Archive for Wednesday, November 4, 1992


November 4, 1992


Led by a wave of newly registered voters, 85.5 percent of Douglas County residents came to the polls Tuesday in what appeared to be a record turnout.

County Clerk Patty Jaimes said this morning that the unofficial count showed 42,445 of the county's 49,628 registered voters cast ballots.

"I think partly it's because of an increase in voter registration," Jaimes said. "It's also a combination of the interests of the community."

For example, the usual partisan political races drew interest in presidential, congressional, legislative and courthouse positions.

"And there was a group interested in voting on the liquor-by-the-drink question," she said. "And there was a lot of interest on the school bond issue, not only here in Lawrence, but in Eudora."

JAIMES SAID the large number of people who registered to vote for Ross Perot in the summer also contributed to the large turnout. And the Kids Voting program conducted in local schools helped bring many parents to the polls, she said.

Voting was heavy throughout the city during Election Day, with lines reported in many of the city's precincts, she said.

"I heard someone reported that they had to wait in line for at least an hour," Jaimes said.

There were no problems reported at polling places, she said. However, several precincts called her office during the day for more pencils, she said.

Jaimes said one voter called to say he was upset that poll workers at the polling place at the Mustard Seed Christian Fellowship Church didn't inform him he was supposed to return his marked ballot to them inside the plastic sleeve.

"WE TRAIN the poll workers to instruct the voters, and we called the poll workers there to remind them," Jaimes said. "Part of the problem was because the voters there were bringing them out not in the sleeve because they were in a hurry to go on."

Jaimes said she was unsure of how the large number of unaffiliated voters affected the election. For the first time there were more unaffiliated voters in the county than Republicans or Democrats, she said. There were 17,336 unaffiliated, 17,307 Republicans, 14,604 Democrats and 381 Libertarians.

Some of the unaffiliated voters registered to vote for Perot, but many others decided not to declare a party because they realized they didn't need to, she said.

Kansas University students probably helped put several local Democratic candidates into office, said Louise Silber, who chairs the county's Democratic Party.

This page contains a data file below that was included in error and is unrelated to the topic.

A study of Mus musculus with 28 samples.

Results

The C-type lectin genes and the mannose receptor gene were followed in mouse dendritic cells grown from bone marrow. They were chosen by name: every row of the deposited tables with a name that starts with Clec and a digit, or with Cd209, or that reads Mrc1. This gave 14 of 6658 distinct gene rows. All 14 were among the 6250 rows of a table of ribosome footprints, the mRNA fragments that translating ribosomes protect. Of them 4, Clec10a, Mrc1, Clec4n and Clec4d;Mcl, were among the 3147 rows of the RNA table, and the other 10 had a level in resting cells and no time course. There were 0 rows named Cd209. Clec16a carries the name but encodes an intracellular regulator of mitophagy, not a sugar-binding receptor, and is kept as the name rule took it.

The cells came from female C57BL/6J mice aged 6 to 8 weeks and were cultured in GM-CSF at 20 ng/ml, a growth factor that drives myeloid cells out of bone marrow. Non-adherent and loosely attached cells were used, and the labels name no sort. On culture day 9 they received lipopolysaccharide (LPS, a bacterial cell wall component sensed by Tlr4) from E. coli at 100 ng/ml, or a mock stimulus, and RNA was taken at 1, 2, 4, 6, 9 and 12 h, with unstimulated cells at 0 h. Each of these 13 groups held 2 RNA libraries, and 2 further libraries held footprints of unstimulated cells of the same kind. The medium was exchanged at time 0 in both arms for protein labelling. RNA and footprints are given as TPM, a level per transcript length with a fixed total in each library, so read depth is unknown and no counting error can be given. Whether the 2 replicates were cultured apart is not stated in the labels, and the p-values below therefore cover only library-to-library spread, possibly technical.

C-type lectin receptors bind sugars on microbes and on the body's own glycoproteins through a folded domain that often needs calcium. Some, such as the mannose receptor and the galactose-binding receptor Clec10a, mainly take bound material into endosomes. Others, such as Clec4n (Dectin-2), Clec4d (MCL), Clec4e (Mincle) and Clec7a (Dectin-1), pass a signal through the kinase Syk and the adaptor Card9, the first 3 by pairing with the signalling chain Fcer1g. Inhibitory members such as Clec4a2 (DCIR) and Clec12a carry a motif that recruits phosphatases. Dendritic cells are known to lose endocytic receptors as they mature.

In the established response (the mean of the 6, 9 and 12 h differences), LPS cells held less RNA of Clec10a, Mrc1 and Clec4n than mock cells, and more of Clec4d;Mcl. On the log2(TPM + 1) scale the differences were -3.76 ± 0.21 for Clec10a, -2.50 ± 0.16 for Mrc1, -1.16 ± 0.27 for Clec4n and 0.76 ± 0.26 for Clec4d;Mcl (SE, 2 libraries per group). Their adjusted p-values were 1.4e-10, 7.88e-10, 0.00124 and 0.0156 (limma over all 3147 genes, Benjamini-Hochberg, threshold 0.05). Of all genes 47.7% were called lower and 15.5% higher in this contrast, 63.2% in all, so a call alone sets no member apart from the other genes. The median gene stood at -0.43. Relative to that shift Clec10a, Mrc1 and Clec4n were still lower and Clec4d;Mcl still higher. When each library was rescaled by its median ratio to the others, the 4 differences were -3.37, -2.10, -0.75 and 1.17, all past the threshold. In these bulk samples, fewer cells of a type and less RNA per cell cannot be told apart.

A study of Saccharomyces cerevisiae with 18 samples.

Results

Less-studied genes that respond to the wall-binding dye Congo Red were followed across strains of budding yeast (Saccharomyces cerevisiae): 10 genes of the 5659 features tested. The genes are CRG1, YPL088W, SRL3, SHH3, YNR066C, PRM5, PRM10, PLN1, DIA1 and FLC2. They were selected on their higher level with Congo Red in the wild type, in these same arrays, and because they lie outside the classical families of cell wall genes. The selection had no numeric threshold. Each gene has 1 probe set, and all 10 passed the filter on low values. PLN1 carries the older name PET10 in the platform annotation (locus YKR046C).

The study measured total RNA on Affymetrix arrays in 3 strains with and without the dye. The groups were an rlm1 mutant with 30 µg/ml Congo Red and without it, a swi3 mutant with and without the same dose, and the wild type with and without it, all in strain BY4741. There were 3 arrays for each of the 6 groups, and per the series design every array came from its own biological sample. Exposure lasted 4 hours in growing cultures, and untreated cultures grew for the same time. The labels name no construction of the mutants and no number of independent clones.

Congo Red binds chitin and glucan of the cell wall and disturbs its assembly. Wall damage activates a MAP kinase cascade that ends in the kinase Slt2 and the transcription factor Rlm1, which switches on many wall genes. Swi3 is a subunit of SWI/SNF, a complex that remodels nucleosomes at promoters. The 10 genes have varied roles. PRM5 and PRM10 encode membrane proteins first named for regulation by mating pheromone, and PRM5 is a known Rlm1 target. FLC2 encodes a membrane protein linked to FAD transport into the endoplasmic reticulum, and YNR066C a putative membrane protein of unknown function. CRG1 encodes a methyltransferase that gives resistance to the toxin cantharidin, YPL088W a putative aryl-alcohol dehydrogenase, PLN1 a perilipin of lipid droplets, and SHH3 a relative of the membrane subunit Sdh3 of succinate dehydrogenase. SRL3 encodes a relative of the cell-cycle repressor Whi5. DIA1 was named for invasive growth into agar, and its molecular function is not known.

SILBER SAID she was "thrilled about the turnout " and impressed by the number of KU students who came to the polls.

"I do know that about 1,000 people showed at Allen Fieldhouse and they were virtually all students," she said. "And in the Oread Neighborhood, which votes at South Park Recreation Center, there were almost 1,200 voters there. And there are a lot of students in that precinct also."

Silber said close to 1,000 voters registered at the local Democratic Party headquarters at 10th and Massachusetts during September and October.

Kim Wells, a rural Lawrence man who is chairman of the Kansas Republican Party, said he had not yet had time to analyze the race, but he agreed that the large number of students voting probably helped Democrats.

"They did a good job of registering a lot of Democrats, and some of the independents were probably more Democratic," he said. "But Douglas County is an aberration in the state. Overall, the Republicans did well in the state legislative races and even beat the speaker of the House."

WELLS SAID some unaffiliated voters may have voted for Bill Clinton for president and also voted for other Democratic candidates, but he didn't think there was a strong "coattail" effect.

Some of the people gathered at the courthouse Tuesday night were commenting that the county should buy more ballot-counting machines to report the results more quickly.

"I think that's amazing," Jaimes said. "We used to be up here until 5 o'clock in the morning, and now they want it out faster. I'd love to have it out faster too. But I don't think I'm ready to go with three machines yet."

Jaimes said results from the first of the county's 51 precincts arrived at the courthouse about 7:30 p.m. The last results came in around 10:15 p.m., she said. The night's final vote tally was completed just before 11 p.m.

However, a few ballots around 30 were to be hand-counted today because they did not run properly through the counting machines, Jaimes said.

ELECTION workers also were counting write-in ballots, especially those in the Kansas House 45th District race, where Martha Parker, a rural Clinton woman, was running a write-in campaign.

The vote will be canvassed at 9 a.m. Friday at the county commission chambers. Final tallies will be made at that time, Jaimes said.

Chris Miller, the county's Republican chairman, said part of the reason local Republicans lost several close races was because many unaffiliated voters cast ballots for Bill Clinton then followed through with other Democratic candidates.

"I definitely think the results of the national races affected a lot of our local races," Miller said. "There were a couple of races where I would have anticipated a wider margin of victory for us than we got. And then there were several races where we lost where I think we would have won had that not happened."

"It was obvious that many of the unaffiliated voters were voting Democratic," he said. "We were hoping they would maintain an open mind with regard to the local candidates."